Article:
Did I miss a memo? Is this National Bash The 17th Amendment Week and nobody told me about it?

Zell Miller, Georgia’s maverick Democratic senator, says the nation ought to return to having senators appointed by legislatures rather than elected by voters.

Miller, who is retiring in January, was first appointed to his post in 2000 after the death of Paul Coverdell. He said Wednesday that rescinding the 17th Amendment, which declared that senators should be elected, would increase the power of state governments and reduce the influence of Washington special interests.

“The individuals are not so much at fault as the rotten and decaying foundation of what is no longer a republic,” Miller said on the Senate floor. “It is the system that stinks. And it’s only going to get worse because that perfect balance our brilliant Founding Fathers put in place in 1787 no longer exists.”

Well, now. Perhaps someone should call up Zell Miller and ask him how many of the following Bush-touted Constitutional amendments he supports: Gay marriage ban, abortion ban, flag-burning ban, victims’ rights, and (must…keep…straight…face) balanced budget. Since he’s such an expert on Constitutional feng shui, I’m sure he’ll be able to explain why support for any of those proposals is Not The Same Thing.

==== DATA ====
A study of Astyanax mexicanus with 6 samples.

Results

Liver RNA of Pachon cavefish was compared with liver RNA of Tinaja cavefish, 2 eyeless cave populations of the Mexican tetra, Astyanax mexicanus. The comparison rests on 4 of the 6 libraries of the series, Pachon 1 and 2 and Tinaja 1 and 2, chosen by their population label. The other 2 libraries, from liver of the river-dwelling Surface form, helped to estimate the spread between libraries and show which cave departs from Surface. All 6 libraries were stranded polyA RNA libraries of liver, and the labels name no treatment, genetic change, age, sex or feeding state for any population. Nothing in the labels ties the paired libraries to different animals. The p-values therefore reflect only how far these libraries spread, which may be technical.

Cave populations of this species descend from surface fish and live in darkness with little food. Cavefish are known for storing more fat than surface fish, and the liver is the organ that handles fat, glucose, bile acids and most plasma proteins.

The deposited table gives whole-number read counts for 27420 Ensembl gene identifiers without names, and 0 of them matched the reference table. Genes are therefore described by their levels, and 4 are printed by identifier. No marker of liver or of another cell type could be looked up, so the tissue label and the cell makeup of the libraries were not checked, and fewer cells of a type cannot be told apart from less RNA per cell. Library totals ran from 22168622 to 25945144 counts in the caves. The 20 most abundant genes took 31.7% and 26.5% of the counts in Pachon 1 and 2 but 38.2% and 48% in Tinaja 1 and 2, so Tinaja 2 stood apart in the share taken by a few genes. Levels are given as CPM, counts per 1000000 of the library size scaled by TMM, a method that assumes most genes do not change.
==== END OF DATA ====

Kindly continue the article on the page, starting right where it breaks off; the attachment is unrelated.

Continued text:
I think I’ve figured it out. Now that Vieth v. Jubelirir has officially given state legislatures the power to determine who everyone’s Congressperson will be, it follows that we may as well repeal the 17th Amendment and assign all representational power to those state Leges. As a bonus, we won’t have as much to worry about with black-box voting machines. It’s a win-win! Jim D sees it the same way.

Enjoy your retirement, Zell. I know I speak for many people when I say the Senate will stink a lot less without you.


  1. sean says:

    Yeah, I know. I picked up on this yesterday. Can’t Zell just leave already?

  2. Charles M says:

    It’s simple.

    Tom (who’s really pushing this hard) can’t figure out how to gerrymander an at large race such as Senator.

    Senate races have their own dynamic and oftimes the result is to elect someone who fits the profile of the entire state, not just vocal minorities. Consider Texas and our gerrymandered legislature. Does it accurately reflect the state of Texas? Kay Bailey would be too liberal for this bunch – Democrats need not apply.

    The bottom line is we would be back to the situation ante 17th where machines drove the election of the Senate. In effect, the final nail in the n party system where n is greater than 1.